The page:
I think Samos hates me, or Turkey loves me, but either way getting from Kusadasi to Greece has been fraught with natural mayhem these last few trips, with unseasonal storms, persistent gales and hump backed seas making the short crossing uncomfortable and unnecessarily dramatic.
We popped over to Samos on Tuesday to stock up on decent wine and succulent pork (ahhhh those scotch eggs in my immediate future!) and half way across the channel got hit by a monster squall that had the horrified tourists in vest tops and flip flops huddling under towels and watching in despair as green blue waves broke over the bow and sluiced enthusiastically from one end of the boat to another. I remembered I am a child of the Irish Sea and enjoyed the ride whilst quietly praying to Poseidon as we were in his jurisdiction.
Samos was beautiful as ever with the pretty harbour of Vathi washed clean by the storms, and the view from our favourite little taverna up in the mountains at Vorliotis, looking down through ancient olive groves and flame like cypresses to an improbably blue sea, was staggering as ever. The lunchtime sampler platter of fried aubergines, garlicky dips and spicy meatballs was as always fantastic. I love Greek food! Missed out on my fried haloumi this time though, was just too full.
The weather this week has been totally bonkers, outrageous thunderstorms and torrential rain for two days gave us six inches we aren’t used to in May – (pause for Kenneth Williams impression! That will be totally lost on my American friends!). One storm on Sunday produced lightening so close it blew out my main trip switch twice and a thunderclap so loud it had a couple of male friends who happened to be out in it clutching each other manfully whilst standing ankle deep in rainwater, sure that their end had come. One of the stranger sights to be found in the Aegean this week! Wish I had film to post on YouTube.
Now the skies have cleared again, the temperature is rising and the banners have gone up announcing the annual Cherry Festival will be held this weekend, 30th May. This is earlier than usual but apparently last year the cherry season was nearly over by the time the festival rolled round and the village nearly had the shame of importing cherries for their celebration. A truly nightmare scenario.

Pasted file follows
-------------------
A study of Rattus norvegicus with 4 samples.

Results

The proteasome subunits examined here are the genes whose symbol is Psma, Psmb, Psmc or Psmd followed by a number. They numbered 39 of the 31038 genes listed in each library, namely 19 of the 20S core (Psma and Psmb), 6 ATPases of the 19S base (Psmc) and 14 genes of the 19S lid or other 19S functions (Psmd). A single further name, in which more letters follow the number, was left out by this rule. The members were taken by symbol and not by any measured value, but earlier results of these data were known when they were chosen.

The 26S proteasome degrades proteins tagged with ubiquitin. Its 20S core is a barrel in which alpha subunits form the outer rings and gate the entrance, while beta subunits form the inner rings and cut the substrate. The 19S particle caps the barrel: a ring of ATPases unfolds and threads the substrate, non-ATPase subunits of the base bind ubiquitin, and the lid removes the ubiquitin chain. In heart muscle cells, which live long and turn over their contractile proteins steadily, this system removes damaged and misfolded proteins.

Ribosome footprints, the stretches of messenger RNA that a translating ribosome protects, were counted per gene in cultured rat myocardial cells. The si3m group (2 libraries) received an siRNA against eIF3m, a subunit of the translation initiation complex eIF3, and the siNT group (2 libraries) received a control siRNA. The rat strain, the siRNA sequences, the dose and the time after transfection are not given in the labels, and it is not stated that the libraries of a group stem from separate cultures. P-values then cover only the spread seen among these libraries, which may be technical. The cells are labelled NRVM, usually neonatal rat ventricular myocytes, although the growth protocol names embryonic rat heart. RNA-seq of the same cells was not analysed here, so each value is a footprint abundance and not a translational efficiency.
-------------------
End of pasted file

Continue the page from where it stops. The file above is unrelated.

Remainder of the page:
So Sunday will be full of noise and bustle and traditional dancing, much pressing of the flesh by local dignitaries, camel sausages (inabun), mini doughnuts and hordes of visitors clogging up our narrow streets and being bossed around by Jandarme who don’t know where anyone should park anyway. Still it is only one day and then we can all settle back into our luxurious, slow peace.
I welcome the slowness of pace here, I know what trials summer can bring and I know its time to change the daily schedule with the rising temperatures because slow means comfortable! As I irritably pushed a hoover around this morning and sweated buckets I knew it was time to switch to early morning, late night working with only minimal movement between the hours of 10 am and 7pm. It’s the difference between living here and holidaying here! Whilst May is still glorious and beautifully, bearably hot we are heading into the sledgehammer heat of summer when tasks as simple as changing a bed require careful scheduling or you need six showers a day and an intravenous drip to hydrate you. So you do anything that needs doing at dawn and dusk and plan nothing more strenuous than a snorkelling expedition during the day!
Got to go, a neighbour has just dropped off several kilos of just picked cherries, so it is time to gorge on the first cherries of the year, to sit cross legged on the warm marble by the pool, watch the blazing summer stars come out and enjoy the freshest, richest tasting, fruit you’ll ever find.